After what may have actually been the world’s longest flirtation period, independent Representative Justin Amash declared on Tuesday he was forming an exploratory committee to seek the Libertarian party’s nomination for president. While not technically a presidential campaign announcement, an exploratory committee is usually a mere formality before launching the campaign itself. Amash, a rising libertarian star, has long teased such a run but declined to ever get in until now.
Today, I launched an exploratory committee to seek the @LPNational’s nomination for president of the United States. Americans are ready for practical approaches based in humility and trust of the people.
— Justin Amash (@justinamash) April 29, 2020
A few months ago, this development would have been more like a coronation, as Amash would likely cruise to the nomination. But choosing to declare now, with the Libertarian national convention just over a month away, may have cost Amash the kind of warm reception he’s likely hoping for.
Ideologically speaking, Amash fits better with the Libertarian party than he ever did with the Republican party – which he departed from last summer over his calls for President Trump’s impeachment – and has been the most consistently libertarian voice in Congress over the last ten years. Some Libertarians will take issue with his stances on immigration or abortion, but it’s hard to deny that Amash understands the root philosophy of libertarianism.
But Amash has opened himself up to another line of more potent criticisms from the party he just joined. Firstly, there will be (and already are) those who insist he’s just another washed up Republican opportunist trying to take advantage of the party like Bill Weld and Bob Barr have done in the past; a similar line of attacks was levvied against Lincoln Chafee, who dropped out a couple weeks ago after it was clear he wasn’t generating much traction.
Amash will also face some tough questions about why he waited as long as he did, which further add to the perception of him as some type of Libertarian carpetbagger. Recently, the party saw longtime Libertarian Judge Jim Gray join the race, and even his deep roots in the party didn’t save him from a wave of people questioning his motives and timing.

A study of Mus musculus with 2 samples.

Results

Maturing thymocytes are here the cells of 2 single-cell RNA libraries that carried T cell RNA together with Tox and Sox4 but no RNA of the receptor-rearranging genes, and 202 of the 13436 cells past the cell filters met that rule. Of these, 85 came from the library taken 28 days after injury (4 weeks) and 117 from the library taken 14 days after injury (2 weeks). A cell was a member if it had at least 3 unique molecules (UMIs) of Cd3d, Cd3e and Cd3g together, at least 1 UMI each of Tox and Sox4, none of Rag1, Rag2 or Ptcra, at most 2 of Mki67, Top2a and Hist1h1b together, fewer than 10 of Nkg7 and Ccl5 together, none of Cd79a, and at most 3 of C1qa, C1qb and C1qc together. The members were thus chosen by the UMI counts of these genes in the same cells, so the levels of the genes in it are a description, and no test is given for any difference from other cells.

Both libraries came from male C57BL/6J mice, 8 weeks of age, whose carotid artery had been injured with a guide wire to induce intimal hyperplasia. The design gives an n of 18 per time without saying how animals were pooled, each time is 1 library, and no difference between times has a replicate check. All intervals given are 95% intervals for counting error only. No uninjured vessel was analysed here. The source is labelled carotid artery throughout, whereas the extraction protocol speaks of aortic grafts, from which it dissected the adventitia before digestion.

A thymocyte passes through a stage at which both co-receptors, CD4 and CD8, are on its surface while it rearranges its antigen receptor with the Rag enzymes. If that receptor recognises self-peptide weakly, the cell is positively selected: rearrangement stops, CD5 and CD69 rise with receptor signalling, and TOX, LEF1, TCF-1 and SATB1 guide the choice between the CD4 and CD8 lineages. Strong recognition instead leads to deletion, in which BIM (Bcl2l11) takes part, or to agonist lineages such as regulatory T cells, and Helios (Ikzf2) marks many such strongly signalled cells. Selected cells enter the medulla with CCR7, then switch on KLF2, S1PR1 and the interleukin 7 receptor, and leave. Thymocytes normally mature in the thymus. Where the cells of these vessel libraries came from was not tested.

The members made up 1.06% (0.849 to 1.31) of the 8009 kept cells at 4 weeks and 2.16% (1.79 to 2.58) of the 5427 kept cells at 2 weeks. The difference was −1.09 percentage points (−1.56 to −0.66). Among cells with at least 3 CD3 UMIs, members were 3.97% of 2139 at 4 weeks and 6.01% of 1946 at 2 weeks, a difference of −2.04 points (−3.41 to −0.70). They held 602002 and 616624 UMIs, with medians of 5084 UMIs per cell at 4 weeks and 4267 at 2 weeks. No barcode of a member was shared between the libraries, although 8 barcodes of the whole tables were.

The thinking of many Libertarians is that other candidates – such as Jacobb Hornberger, Vermin Supreme, Adam Kokesh, and Jo Jorgensen – have all been in the race longer and have been going around to the different state conventions to speak with party members and delegates. That Gray entered as late as he did seemed unfair to some, as he won’t have to travel or defend his candidacy at the debates that usually happened at the conventions.
Not only will Amash have to deal with that same criticism, but he’ll also have to explain why he doesn’t need to “pay his dues” in the party before seeking the party’s nomination. When Amash left the GOP last July, he could have joined the Libertarian party at that point, but chose to register as an independent instead. It’s not hard to argue that he cares more about promoting his own profile than that of the Libertarian party, whether or not that is actually the case.
Finally, Amash’s last-second entrance ensures that he’s facing a stacked field. The candidates that have been in the race longer have already built up strong bases of support, and Gray’s entrance only added to the compeitition. Any intentions of Amash securing the party’s nomination on the first or even second ballot are likely an illusion at this point.
Of course, as a sitting member of Congress, Amash would be the most high-profile nominee in the party’s history and will likely still win the nomination because of that, along with his eloquent communication skills and broad appeal across party lines. But Amash may have to sit through multiple nominating ballots at the convention before earning a simple majority of votes. And such a headache would be entirely his own doing.
Only time will tell, but at least we can all stop wondering about whether he’ll run or not. Instead, we can all obsess over how many ballots it will take to choose the party’s nominee.